LONDON - A disappointing batch of economic growth figures out of Europe kept global stock markets in check Thursday as well as weighing on the euro.
Eurostat, the EU's statistics office, said the economy of the 18 countries that share the euro saw economic output grew by only 0.2 percent in the first quarter from the previous three-month period. The modest rise came despite a better-than-expected 0.8 percent advance in Germany.
Though that marked the fourth straight quarter of expansion following the recession, the rise was below economists' expectations - the consensus in the markets was for a 0.4 percent increase.
A large chunk of the blame for the underperformance can be placed on a flat performance in France, Europe's second largest economy behind Germany. Between them, the two make up roughly half of the eurozone economy.
"This is very disappointing just as we thought the area was heading in the right direction, instead we're seeing another setback," said Craig Erlam, market analyst at Alpari.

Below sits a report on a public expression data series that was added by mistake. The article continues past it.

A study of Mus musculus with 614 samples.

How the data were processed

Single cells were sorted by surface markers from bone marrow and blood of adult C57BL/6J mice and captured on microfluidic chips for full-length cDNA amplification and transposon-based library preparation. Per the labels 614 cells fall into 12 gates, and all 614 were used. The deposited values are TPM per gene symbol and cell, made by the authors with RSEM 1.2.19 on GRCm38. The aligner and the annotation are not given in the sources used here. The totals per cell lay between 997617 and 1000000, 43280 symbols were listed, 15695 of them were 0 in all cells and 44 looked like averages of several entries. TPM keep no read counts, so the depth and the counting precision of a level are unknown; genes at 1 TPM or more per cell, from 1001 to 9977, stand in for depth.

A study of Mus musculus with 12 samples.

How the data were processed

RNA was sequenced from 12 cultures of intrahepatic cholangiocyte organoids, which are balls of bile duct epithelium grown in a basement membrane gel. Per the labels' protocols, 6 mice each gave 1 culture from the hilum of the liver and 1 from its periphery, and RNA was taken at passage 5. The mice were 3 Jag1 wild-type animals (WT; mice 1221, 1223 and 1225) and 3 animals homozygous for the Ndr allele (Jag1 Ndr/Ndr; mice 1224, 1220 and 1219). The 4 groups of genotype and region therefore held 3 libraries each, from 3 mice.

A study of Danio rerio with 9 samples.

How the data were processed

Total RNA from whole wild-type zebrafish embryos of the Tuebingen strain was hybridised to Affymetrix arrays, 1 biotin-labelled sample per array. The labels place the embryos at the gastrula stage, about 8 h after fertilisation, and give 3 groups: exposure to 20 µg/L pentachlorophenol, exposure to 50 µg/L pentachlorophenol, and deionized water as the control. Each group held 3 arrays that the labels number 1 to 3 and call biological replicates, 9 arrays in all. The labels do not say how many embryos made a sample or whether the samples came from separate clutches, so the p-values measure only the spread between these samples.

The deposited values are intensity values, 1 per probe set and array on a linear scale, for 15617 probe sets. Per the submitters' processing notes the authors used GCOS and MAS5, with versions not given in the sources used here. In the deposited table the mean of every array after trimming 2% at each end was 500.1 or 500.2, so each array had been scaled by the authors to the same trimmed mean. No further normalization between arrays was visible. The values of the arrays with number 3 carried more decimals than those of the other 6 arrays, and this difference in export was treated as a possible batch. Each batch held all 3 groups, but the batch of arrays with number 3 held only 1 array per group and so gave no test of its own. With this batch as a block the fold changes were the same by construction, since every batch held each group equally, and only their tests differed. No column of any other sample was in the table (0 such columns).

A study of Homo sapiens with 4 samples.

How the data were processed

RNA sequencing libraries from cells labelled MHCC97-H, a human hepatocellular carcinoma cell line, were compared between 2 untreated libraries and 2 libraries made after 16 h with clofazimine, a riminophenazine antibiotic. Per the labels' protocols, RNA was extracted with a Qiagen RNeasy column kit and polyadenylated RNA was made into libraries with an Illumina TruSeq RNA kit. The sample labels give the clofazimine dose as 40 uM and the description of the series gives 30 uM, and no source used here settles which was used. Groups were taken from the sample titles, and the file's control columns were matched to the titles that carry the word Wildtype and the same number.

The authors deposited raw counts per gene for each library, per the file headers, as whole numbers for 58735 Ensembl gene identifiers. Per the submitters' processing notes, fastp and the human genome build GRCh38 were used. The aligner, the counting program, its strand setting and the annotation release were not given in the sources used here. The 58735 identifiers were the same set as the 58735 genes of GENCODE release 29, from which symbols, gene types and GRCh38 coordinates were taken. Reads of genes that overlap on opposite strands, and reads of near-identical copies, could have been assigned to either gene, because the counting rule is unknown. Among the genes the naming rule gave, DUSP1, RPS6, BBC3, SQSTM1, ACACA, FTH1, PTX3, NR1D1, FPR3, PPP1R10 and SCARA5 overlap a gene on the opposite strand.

In Europe, Germany's DAX was flat at 9,751 while the CAC-40 in France fell 0.2 percent to 4,493. The FTSE 100 index of leading British shares was up 0.1 percent at 6,884.
The selling pressure on the euro continued after the figures as traders think the below-forecast growth figures makes it more likely that the European Central Bank will provide a fresh stimulus to the eurozone economy at its next policy meeting on June 5. The euro was down 0.4 percent at $1.3660.
Wall Street was poised for a subdued opening, with Dow futures and the broader S&P 500 futures down 0.1 percent.
Earlier in Asia, robust quarterly growth figure in Japan failed to boost sentiment. Investors reduced risky assets following a pullback in U.S. stocks from record levels.
Tokyo's Nikkei 225 stock index fell 0.8 percent to 14,298.21 despite the government reporting that the economy expanded at an annualized 5.9 percent in the first quarter, the fastest pace in nearly three years.
The growth was attributed to consumers and companies bringing forward spending ahead of a sales tax hike on April 1. Economists say the tax increase could cause a contraction in the economy in the current quarter.
China's Shanghai Composite fell 1.1 percent to 2,024.97.